This afternoon I was at a street-crossing on my way to the metro to go meet some friends. I was kind of staring off into space, waiting for the light to turn green, when suddenly a woman standing next to me turned to me and said:
“OK, random tidbit from a total stranger …”
I looked around to see if there was anyone else she could possibly be talking to besides me, but there was no one else. She was maybe in her late forties or early fifties, with short frumpy hair and glasses and shorts and was probably wearing Birkenstock sandals – not a glamorous or particularly attractive figure. Basically, she could have been somebody’s mom on the way to pick them up from soccer practice.
She continued: “With internet dating, why is it that it’s the men without the pictures who turn out to be either totally super hot, or extremely talented and interesting?”
Me: Stunned silence. “Ummmmmm …”
Her: “While on the other hand, it’s the guys with the pictures who seem like they’d be handsome and cool who turn out to be jerks and not very pleasant in person. I mean, you’d think this would be a relationship prerequisite, you know, to be pleasant to the person you hope to be in a relationship with. But they don’t seem to get it, and they always ask to see my picture before meeting me.”
Me: Trying wildly to process the information that this random woman who looks like she’s on her way to pick up the kids from soccer practice is suddenly talking to me about internet dating. I grope for a response. “Ummm, maybe you’re just idealizing them too much on the basis of their picture, and so you’re inevitably let down?”
Her: “Oh, interesting. There could be something to that. But you know, I work with facial recognition software on a daily basis, so of course there’s no way I’m going to send my picture out to random people on the internet. And then I’ve had some guys that were into me based on my picture, and then were let down when I turned out to have a head on my shoulders as well. I can only play the bimbo for so long. It’s better if they like me based on my intellect and then see the picture.”
This woman looked about as bimbo-like as Janet Reno.
Then she said she was wondering if she shouldn’t just try to date the rich guys, as there had been several times when she’d had to break up with guys because she lost her job and had to move to another town because the guy she was with couldn’t support her on his salary.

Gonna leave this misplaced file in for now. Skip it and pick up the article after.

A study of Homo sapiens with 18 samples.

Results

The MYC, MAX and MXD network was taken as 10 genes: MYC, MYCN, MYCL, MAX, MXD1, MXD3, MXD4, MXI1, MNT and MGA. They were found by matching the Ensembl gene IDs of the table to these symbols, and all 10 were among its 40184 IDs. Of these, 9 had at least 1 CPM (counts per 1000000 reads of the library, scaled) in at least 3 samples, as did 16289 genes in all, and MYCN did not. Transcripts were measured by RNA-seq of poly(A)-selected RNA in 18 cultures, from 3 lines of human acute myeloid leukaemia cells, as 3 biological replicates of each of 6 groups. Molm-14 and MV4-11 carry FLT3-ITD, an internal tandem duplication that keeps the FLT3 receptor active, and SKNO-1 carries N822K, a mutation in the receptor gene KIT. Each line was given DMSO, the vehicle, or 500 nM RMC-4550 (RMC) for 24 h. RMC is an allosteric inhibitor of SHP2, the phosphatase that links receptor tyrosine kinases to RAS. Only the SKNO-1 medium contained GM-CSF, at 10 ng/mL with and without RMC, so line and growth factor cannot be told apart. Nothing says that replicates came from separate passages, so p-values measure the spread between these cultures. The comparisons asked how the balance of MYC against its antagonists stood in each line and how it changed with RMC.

By way of humoring her and making conversation I said: “Well, the rich ones aren’t usually very nice.”
“Oh, really? Do you think that? Hm, maybe you’re right,” she said.
“Well, because often the things you have to do in order to get rich aren’t the things a nice person would do. Like being a lawyer for example – you know the ones in the private firms, you have to work all the time and basically make work your whole life, and yell at people …”
“And the training is all about how to win in every argument.”
“Yeah, exactly, and you have to be super aggressive, and law school – it’s all about being super competitive and being better than other people – you basically have to feel like you’re better than other people to be a good lawyer. And of course DC has the highest percentage of lawyers, basically, in the world,” I continued, warming to my theme.
(In fairness to rich people and to lawyers, I’m sure there are a lot of you who are actually quite nice. But the truth is, in my internet dating experiences I learned to be wary of rich guys and lawyers, because they really did seem to be the biggest jerks most of the time.)
Then she asked me, “So … how do you succeed in this whole crazy business. What’s your advice?”
Of course, my first piece of advice should have been “Don’t take advice from random people on the street,” but that would have been a little self-negating. So I said I thought the key thing was not to get hung up on stupid superficial things (e.g. money or cars or supermodel looks and so on), and to be flexible and patient and forgiving – the main thing was to get your priorities straight and then be patient until you found someone who also had their priorities straight and shared your values.
“Hm,” she said, mulling this over. “Huh. That’s not what a lot of dating advice books say, is it?”
“No,” I laughed. “They mostly say things like: Realize that no one will ever be good enough for you and remind the person you’re dating of this constantly.”
“Hah,” she said. “That’s great. I get the best stuff from random people on the street. I’ll have to remember that … how’d you put it? ‘Realize that no one will ever be good enough for you and remind the person of that constantly.’ Hah.”
Just then we got to the metro station. “Well, good luck,” I said, and we parted ways. I walked on thinking: “I so have to blog about this.”